Introduction - Lesson 3 - Liquid–Liquid Biphasic Reactions - Microreactors in Organic Chemistry and Catalysis, Second Edition (2013)

Microreactors in Organic Chemistry and Catalysis, Second Edition (2013)

8. Liquid–Liquid Biphasic Reactions

Matthew J. Hutchings, Batool Ahmed-Omer, and Thomas Wirth

8.1. Introduction

Organic solvents play a key role in many chemical processes within the pharmaceutical and chemical industry. Solvent loss during the process is often inevitable because of their volatility causing environmental concerns and adverse health effects. Hence, the search for cleaner chemical processes that reduce the release of harmful chemicals into the environment is a great challenge in organic synthesis. The use of two immiscible solvents in the so-called biphasic reactions can be a possible solution to solvent loss or recycling as different solubility of substrate, reagent/catalyst, and product can be used advantageously to setup an economically and environmentally friendly process. There are many applications of biphasic reactions in different areas of chemistry [1–3].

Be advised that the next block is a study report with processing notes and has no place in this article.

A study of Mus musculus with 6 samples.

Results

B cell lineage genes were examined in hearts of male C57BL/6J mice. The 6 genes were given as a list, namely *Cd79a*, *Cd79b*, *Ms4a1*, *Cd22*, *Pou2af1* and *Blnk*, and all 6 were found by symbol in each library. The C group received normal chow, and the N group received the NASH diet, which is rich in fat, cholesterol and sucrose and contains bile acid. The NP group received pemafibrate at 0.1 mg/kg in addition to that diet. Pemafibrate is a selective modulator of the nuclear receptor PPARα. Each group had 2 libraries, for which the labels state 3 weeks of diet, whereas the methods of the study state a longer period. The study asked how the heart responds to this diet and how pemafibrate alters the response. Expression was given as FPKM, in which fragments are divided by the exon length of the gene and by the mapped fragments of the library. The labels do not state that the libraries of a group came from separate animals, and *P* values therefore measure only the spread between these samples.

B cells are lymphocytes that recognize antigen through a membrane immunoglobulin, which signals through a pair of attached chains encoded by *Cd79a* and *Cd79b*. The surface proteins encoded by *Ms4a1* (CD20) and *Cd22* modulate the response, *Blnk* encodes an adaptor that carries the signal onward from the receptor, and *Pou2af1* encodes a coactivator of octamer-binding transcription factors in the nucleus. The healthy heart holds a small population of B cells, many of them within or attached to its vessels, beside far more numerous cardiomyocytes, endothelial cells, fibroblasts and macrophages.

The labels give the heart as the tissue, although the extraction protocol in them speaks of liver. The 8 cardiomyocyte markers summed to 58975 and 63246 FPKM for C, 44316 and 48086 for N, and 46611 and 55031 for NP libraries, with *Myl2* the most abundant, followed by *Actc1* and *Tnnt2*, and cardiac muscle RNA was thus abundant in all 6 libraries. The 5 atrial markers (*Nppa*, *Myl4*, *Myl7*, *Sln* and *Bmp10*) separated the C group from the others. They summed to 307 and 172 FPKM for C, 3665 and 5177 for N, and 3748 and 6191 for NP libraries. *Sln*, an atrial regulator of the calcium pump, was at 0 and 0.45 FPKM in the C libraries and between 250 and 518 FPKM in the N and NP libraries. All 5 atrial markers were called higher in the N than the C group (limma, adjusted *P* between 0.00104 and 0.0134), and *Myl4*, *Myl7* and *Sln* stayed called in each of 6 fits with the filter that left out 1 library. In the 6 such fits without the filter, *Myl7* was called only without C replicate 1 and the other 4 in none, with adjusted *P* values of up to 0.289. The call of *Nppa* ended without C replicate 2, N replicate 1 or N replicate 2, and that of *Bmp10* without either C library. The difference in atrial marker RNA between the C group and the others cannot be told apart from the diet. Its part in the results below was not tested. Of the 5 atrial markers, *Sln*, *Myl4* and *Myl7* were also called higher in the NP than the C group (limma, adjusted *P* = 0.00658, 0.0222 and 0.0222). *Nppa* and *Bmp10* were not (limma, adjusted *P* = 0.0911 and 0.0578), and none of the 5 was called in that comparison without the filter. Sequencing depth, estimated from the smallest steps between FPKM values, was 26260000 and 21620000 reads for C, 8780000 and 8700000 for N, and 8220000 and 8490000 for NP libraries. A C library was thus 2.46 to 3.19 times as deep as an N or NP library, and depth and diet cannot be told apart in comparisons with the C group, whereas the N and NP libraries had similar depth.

Examples of applying biphasic system to catalyzed reactions, such as phase-transfer catalysis, show the efficiency over stoichiometric reactions. In a typical catalytic biphasic system, one phase contains the catalyst while the substrate is in the second phase. In some systems, the catalyst and substrates are in the same phase while the product produced is transferred to the second phase. In a typical reaction, the two phases are mixed during the reaction and after completion, the catalyst remains in one phase ready for recycling while the product can be isolated from the second phase. The most common solvent combination consists of an organic solvent combined with another immiscible solvent, which, in most applications, is water. However, there are few examples of suitable water-soluble and stable catalysts, therefore various applications are limited to some extent [4]. Immiscible solvents other than water are recently becoming more applicable in biphasic catalysis due to the better solubility and stability of various catalysts in such solvents. For example, ionic liquids and fluorous solvents have many successful applications in liquid–liquid biphasic syntheses such as Heck reactions and hydroformylations using ionic liquid media, or Baeyer–Villiger reactions using Lewis acidic catalysts in fluorous biphasic systems as shown as an example in Scheme 8.1[5–8].

Scheme 8.1 Baeyer–Villiger reaction of cyclobutanone in fluorous media [8].